Each year the Amnesty International Australia Media Awards acknowledge those Australian media stories that have presented a fair and balanced report of a human rights issue, highlighted hidden abuses and encouraged an audience’s greater understanding of a human rights issue.
With just over a week left before entries close for this year’s 2021 awards, we’re celebrating winners from previous years’ to demonstrate the importance of a free press.
Media Awards’ 2017 Radio Winner
Winner of the 2017 Amnesty International Media Awards’ Radio Category were Sarah Dingle and Wendy Carlisle for their piece ‘Death In Kalgoorlie’ for ABC Radio National, Background Briefing.
‘Death in Kalgoorlie’ investigates the death of a 14-year-old Indigenous boy who was allegedly run over and killed by a 55-year-old white man driving a ute. Following his death a protest broke out in the main street of Kalgoorlie after the 55-year-old man was charged with manslaughter at a local court.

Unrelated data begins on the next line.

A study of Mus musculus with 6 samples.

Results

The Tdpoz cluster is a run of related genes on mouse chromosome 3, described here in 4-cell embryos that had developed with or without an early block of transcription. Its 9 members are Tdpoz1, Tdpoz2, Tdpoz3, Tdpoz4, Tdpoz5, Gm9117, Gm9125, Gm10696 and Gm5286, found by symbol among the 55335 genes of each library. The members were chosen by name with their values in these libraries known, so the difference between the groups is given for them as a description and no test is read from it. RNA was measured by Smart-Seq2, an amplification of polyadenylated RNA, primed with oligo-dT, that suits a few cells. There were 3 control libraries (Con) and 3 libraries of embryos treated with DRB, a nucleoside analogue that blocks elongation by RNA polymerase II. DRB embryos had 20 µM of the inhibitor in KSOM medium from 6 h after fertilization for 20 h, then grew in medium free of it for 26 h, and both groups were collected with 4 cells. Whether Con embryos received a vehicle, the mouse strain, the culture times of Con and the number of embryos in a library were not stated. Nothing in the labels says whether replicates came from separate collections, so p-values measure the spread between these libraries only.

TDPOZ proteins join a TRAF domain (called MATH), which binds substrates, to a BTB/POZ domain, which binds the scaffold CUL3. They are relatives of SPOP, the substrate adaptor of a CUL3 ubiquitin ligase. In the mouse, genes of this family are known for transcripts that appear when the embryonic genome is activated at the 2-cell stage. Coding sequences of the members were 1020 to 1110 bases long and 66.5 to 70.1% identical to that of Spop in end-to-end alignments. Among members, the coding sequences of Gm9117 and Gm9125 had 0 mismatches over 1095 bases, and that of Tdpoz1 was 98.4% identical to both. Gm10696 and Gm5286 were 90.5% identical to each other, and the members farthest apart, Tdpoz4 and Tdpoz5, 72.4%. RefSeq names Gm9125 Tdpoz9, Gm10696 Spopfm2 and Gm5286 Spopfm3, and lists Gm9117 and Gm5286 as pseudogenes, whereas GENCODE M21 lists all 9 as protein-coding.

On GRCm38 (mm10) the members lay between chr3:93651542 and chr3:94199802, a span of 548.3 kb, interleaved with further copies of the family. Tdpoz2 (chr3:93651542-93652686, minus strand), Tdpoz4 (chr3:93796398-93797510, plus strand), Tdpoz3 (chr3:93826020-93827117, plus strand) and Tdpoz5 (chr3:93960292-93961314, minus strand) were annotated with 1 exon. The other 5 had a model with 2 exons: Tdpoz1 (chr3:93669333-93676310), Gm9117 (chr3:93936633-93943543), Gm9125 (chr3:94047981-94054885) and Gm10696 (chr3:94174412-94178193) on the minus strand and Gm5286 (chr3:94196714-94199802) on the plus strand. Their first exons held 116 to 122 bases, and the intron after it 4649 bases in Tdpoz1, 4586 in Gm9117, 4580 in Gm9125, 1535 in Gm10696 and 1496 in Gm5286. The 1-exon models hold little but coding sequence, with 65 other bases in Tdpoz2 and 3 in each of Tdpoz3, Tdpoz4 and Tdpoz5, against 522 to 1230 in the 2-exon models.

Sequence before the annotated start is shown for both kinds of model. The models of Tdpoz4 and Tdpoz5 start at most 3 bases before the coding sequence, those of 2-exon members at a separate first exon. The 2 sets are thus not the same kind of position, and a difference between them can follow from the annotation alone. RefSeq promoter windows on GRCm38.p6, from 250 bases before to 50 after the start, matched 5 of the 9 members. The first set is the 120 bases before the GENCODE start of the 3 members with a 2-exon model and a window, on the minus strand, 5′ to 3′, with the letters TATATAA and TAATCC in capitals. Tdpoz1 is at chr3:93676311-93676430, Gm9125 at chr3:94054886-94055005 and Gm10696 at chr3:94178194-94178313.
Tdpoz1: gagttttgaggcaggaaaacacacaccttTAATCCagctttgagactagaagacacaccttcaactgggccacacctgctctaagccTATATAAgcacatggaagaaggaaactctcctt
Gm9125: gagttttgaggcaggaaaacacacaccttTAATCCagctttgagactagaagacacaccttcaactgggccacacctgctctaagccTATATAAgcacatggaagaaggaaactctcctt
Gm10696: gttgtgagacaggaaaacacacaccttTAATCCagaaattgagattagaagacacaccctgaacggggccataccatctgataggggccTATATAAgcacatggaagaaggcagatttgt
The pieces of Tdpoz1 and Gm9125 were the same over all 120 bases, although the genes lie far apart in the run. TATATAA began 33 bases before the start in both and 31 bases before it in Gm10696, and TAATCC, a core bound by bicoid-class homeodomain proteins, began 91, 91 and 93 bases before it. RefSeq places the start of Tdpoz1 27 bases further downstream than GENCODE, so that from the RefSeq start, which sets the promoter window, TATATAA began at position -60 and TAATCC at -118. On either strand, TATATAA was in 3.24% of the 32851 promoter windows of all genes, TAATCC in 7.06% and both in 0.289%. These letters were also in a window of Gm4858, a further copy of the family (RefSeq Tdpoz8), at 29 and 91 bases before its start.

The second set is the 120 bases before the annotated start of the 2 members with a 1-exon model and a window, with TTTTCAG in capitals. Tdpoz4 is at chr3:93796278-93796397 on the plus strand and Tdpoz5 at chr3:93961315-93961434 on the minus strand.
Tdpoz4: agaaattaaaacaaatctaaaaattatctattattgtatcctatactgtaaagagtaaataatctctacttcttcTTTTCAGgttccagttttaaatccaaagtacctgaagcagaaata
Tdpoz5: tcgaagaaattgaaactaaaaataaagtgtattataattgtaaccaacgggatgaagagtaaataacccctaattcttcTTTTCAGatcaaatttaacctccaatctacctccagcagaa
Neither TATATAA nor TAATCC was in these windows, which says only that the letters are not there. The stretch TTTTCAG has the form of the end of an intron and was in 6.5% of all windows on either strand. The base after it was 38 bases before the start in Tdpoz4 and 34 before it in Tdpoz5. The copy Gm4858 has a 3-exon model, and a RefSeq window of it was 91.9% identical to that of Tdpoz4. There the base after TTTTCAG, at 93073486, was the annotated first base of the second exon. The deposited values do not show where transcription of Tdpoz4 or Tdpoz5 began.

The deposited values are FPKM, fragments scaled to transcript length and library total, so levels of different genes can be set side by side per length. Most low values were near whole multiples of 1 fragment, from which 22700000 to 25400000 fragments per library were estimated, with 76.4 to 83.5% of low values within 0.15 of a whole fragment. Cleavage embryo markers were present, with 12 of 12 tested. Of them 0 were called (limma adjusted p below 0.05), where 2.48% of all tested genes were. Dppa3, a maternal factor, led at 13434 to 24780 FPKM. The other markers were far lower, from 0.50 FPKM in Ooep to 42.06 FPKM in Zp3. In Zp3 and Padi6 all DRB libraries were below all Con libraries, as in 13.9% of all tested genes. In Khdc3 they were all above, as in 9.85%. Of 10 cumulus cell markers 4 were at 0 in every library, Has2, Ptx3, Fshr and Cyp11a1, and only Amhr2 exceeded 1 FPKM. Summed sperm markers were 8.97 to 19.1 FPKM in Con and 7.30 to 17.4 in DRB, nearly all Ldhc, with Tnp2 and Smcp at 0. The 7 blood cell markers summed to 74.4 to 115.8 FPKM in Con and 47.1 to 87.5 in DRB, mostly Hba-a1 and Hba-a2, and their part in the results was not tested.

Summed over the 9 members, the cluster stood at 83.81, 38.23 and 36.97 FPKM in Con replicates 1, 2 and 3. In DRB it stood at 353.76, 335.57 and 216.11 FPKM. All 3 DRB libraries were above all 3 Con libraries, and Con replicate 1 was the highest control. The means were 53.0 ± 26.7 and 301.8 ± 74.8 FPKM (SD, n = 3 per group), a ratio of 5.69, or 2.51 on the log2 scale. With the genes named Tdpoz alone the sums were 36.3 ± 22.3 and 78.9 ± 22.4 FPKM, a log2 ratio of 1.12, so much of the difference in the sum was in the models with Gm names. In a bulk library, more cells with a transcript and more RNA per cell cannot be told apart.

Under a sign saying ‘Save Our Kids’ people lit torches and left flowers and fixed a cross to a tree.Sarah Dingle, ‘Death in Kalgoorlie’
Kalgoorlie, also called Kalgoorlie-Boulder, is Australia’s largest outback city located in Wongatha country in Western Australia. Kalgoorlie has a long history of racial tension. At the time of the 1967 Referendum – the vote to include Aboriginal and Torres Strait Islander peoples as part of the population and to allow the Commonwealth to make laws for them – Kalgoorlie sat within a larger section of Western Australia that held the highest ‘No’ vote in Australia at 29.04%.
Sarah Dingle and Wendy Carlisle investigate the events that led up to the protest in August 2016, including the mistreatment of Indigenous children in custody, the rise of youth crime rates, lack of support for youth mental health and a lack of acknowledgement of Indigenous culture in local schools.